THURSDAY, Dec. 8 (HealthDay News) -- Increased consumption of
carbohydrate-rich foods, especially starches, may boost the risk of
breast cancer recurrence, new research finds.
Researcher Jennifer Emond, a public health doctoral student at
the University of California, San Diego, looked at changes in the
amount of carbohydrates, particularly starchy foods such as
potatoes, that breast cancer survivors ate over a one-year period.
Then she tracked the number of recurrences.
"Women who increased their carbohydrates and particularly their starch intake had a greater risk of recurrence than the women who decreased [it]," she said.
A link between a high-carb diet and a higher breast cancer risk
has been reported before, but this new study focused particularly
on starchy carbs, said Emond. She was scheduled to present the
findings this week at the 2011 San Antonio Breast Cancer
Carbohydrates provide needed nutrients and energy, but some
carbs are healthier than others. Refined carbohydrates, such as
white breads and white pasta, contain more starch than whole
grains. "We didn't pinpoint the exact foods," Emond said.
Emond looked at a subset of women who participated in the
Women's Healthy Eating and Living Dietary Intervention Trial, which
evaluated the effects of a plant-based diet for breast cancer
She divided the roughly 2,650 women into four groups, based on
lowest to highest carbohydrate intake. She found that cancer
recurred in 9.7 percent of those who decreased starch consumption
the most compared with 14.2 percent of those with the biggest
increase in starch consumption.
The women reported their carb intake at the start of the study
and a year later. Carbohydrate intake was about 233 grams a day at
the study's start. Those whose cancer recurred had an average
increase in carbohydrates of 2.3 grams a day. Those who did not see
a recurrence had an average decrease of 2.7 grams of starch a
Changes in starch consumption were behind nearly half the
carbohydrate intake change, she found. Those whose cancer did not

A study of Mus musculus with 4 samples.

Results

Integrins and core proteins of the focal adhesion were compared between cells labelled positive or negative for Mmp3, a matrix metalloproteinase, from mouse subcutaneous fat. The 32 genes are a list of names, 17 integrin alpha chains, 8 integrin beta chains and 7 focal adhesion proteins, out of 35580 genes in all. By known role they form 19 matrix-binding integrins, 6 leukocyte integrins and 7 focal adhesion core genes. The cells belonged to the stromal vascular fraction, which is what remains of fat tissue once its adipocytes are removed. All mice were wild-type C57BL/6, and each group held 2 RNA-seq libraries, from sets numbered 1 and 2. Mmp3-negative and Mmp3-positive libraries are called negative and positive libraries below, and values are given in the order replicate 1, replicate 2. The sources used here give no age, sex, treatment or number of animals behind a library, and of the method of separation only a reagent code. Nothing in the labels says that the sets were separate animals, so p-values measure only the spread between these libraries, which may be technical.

return decreased starch intake by 8.7 grams a day, while those with
a recurrence decreased starch by only 4.1 grams a day, she
According to the U.S. Department of Agriculture, one slice of
bread has 12.5 grams of carbohydrate, of which 10 grams are starch.
A cup of pasta has 43 grams of carbs, 36 of which are starch.
Emond said she cannot explain the link between starch and breast
cancer recurrence with certainty. However, starchy foods boost
insulin levels, and elevated insulin levels have been linked with
higher breast cancer risk, she said. The insulin may stimulate the
growth of tumor cells, she explained.
The increased risk with higher starch intake held even when
weight changes were taken into account, Emond said. Obesity and
breast cancer have long been linked.
Marji McCullough, strategic director of nutritional epidemiology
for the American Cancer Society, said the findings are noteworthy.
"This is an important area of research because women who have been
diagnosed with breast cancer want to know how to lower their risk
of recurrence," she said.
But it's too soon to advise making any dietary changes,
McCullough said. "Dietary recommendations change when several
studies show the same thing," she said.
The effect of diet on breast cancer recurrence risk is much less
clear than the data on the importance of maintaining a healthy body
weight, she said.
"The American Cancer Society recommends that breast cancer survivors strive to achieve and maintain a healthy weight through a mostly plant-based, varied diet and regular physical activity," McCullough said.
Emond agreed it's too soon to make new diet recommendations.
However, she suggested women follow the 2010 Dietary Guidelines for
Americans, which recommend limiting foods with added sugars that
contribute to starch intake, she said.
In a second study involving diet and breast cancer, researchers
found that following a low-carbohydrate diet just two days a week
produced more significant weight loss than a standard low-calorie
diet followed daily. People following the intermittent diet for
four months lost an average of 9 pounds while the other dieters
lost an average of 5 pounds, the British researchers found.
The two-day-a-week low-carb plan was also better than the daily
diet at lowering blood levels of insulin, the researchers said.
McCullough called that finding ''intriguing."
Because this research was presented at a medical meeting, the
data and conclusions should be viewed as preliminary until
published in a peer-reviewed journal.
To learn more about diet and breast cancer risk, visit the
American Cancer Society.
Please be aware that this information is provided to supplement the care provided by your physician. It is neither intended nor implied to be a substitute for professional medical advice. CALL YOUR HEALTHCARE PROVIDER IMMEDIATELY IF YOU THINK YOU MAY HAVE A MEDICAL EMERGENCY. Always seek the advice of your physician or other qualified health provider prior to starting any new treatment or with any questions you may have regarding a medical condition.